Missouri lawmakers seek to lower drug prices with plan to regulate drug benefit managers | Politics

JEFFERSON CITY — Missouri lawmakers have embarked on a nationwide fight between independent pharmacies and the companies that negotiate prescription drug benefits on behalf of health insurers.

As smaller, off-chain pharmacies say drug benefit managers unfairly set drug prices and claw back a percentage of sales later, the Missouri House on Tuesday debated legislation that would regulate PBMs in a bid to protect access to pharmacies for Missourians.

The proposal, which could address soaring prescription drug prices, drew support from pharmacists and opposition from major insurers at a previous committee hearing.

Jacob Kettle, oncology pharmacy manager for the University of Missouri Health Care System, was among those who said PBMs had compromised Missouri pharmacy operations.


Three pharmacy benefit managers dominate the US market: CVS Caremark, Express Scripts and OptumRx. These are third-party administrators who establish lists of covered drugs, determine co-payments, negotiate discounts for certain drugs to offset high upfront or list prices, and perform other behind-the-scenes work.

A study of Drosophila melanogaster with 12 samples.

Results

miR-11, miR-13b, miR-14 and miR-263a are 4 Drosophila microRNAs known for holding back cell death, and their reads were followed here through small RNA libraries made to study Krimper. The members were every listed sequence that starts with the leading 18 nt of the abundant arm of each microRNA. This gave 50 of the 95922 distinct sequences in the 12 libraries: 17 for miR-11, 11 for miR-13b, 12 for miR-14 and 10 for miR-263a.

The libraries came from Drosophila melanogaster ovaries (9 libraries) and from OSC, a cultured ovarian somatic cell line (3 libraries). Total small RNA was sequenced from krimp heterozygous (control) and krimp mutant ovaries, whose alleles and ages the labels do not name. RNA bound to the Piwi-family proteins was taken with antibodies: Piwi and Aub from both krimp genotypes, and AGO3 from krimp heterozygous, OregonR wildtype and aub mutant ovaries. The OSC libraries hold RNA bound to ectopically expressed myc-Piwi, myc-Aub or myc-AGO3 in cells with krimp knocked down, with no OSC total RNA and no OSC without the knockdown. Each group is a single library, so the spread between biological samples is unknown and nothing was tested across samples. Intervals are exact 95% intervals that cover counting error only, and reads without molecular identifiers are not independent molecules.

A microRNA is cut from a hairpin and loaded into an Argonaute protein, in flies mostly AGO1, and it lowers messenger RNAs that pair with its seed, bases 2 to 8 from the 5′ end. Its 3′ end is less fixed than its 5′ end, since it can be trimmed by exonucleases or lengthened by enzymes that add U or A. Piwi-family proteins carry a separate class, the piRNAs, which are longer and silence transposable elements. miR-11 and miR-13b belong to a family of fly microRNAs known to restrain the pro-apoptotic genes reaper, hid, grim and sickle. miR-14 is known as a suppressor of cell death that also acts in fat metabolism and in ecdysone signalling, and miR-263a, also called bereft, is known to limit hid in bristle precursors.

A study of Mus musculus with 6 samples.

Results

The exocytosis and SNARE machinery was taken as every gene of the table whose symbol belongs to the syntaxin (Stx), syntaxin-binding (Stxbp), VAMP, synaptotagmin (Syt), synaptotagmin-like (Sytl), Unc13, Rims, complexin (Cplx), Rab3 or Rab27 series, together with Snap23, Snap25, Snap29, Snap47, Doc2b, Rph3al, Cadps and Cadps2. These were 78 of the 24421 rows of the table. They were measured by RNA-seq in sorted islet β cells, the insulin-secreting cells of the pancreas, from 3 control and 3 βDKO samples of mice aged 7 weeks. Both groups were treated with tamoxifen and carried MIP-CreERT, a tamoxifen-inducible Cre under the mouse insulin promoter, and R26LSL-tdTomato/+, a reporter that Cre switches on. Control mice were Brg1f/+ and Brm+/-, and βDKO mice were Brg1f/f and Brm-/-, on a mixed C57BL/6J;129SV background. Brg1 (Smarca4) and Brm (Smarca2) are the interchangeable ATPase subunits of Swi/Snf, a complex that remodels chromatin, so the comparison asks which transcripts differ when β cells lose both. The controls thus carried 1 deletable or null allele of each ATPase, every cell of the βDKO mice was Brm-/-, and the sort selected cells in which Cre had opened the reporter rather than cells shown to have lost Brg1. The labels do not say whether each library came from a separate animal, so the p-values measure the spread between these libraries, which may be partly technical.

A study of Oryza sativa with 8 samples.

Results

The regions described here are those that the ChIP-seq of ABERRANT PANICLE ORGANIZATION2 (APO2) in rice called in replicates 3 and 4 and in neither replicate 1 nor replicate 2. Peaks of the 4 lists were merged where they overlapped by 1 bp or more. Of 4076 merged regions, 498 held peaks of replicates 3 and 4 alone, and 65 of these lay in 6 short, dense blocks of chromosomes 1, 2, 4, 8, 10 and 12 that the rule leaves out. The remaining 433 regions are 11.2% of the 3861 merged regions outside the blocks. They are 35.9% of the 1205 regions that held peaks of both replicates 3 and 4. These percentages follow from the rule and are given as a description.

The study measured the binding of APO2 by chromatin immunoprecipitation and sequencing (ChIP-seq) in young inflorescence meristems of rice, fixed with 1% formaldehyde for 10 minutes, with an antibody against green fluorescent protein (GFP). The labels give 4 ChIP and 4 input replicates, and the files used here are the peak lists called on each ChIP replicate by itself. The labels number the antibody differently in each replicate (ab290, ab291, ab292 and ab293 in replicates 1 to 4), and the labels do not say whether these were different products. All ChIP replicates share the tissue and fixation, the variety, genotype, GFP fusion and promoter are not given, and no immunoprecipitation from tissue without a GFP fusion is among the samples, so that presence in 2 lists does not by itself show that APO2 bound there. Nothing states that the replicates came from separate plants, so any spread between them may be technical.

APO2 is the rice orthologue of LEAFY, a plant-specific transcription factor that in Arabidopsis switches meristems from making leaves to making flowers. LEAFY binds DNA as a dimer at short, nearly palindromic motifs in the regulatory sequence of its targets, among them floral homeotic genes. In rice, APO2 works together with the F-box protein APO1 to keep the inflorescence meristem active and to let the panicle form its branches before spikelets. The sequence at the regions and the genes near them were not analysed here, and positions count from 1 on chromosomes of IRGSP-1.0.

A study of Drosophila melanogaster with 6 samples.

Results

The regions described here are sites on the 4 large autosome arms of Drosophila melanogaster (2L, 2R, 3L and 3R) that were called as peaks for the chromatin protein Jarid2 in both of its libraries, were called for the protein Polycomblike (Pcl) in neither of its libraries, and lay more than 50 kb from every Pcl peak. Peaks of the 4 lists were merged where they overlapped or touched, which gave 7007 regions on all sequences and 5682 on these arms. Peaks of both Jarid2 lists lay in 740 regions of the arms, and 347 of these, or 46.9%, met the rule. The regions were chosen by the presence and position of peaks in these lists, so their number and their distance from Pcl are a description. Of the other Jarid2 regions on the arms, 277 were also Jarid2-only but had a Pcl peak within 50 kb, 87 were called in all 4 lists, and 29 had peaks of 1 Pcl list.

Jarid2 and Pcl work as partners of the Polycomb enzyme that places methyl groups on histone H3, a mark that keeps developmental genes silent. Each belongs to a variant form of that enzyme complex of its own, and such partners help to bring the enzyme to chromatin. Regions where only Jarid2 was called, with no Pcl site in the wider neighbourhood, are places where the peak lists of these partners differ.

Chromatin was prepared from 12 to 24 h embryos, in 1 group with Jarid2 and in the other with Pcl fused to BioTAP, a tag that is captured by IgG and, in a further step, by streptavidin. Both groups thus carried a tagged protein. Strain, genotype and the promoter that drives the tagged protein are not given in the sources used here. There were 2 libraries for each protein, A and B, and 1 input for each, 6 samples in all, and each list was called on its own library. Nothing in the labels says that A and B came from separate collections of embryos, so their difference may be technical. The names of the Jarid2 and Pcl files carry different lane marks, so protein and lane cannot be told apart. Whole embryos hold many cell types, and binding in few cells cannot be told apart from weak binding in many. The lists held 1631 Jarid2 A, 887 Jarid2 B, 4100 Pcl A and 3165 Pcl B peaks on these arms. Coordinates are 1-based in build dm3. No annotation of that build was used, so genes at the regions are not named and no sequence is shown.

PBMs can increase drug price competition, which can reduce costs for consumers. But independent pharmacies also say that PBMs can cause pharmacies to agree to bad contracts.

Rep. Dale Wright, R-Farmington, who is sponsoring the changes, said the legislation will enhance transparency by requiring PBMs to report potential conflicts of interest, as well as list discounts and fees they charge.

“This is a bill that will reduce prescription drug costs for our fellow citizens,” said Wright, who is a partner in a health care consulting firm and a distributor of pharmaceutical and medical devices. “If we love our local pharmacies, that’s good for them too.”

“This bill reveals where the money is going,” said Rep. Kent Haden, R-Mexico.

“We need our local pharmacies to be viable,” said Rep. Hannah Kelly, R-Mountain Grove.

Opponents of tighter regulation have said that PBMs foster competition in the prescription drug market by negotiating discounts and favoring generics to contain costs for patients and payers.

Rep. Jim Murphy, a Republican from southern St. Louis County, said the additional regulation and oversight will drive up prices for consumers.

“I think it’s going to hurt us,” Murphy said.

The state-level debate comes as pharmacies have also pushed the federal government to take action on reimbursement rates set by PBMs.

In 2018, then-President Donald Trump signed bills to stop insurers and PBMs from banning pharmacists from telling consumers when paying cash would be cheaper than using insurance.

The bill won preliminary House approval on Tuesday and is awaiting a final vote before heading to the Senate for further consideration.

The legislation is the House Bill 1677.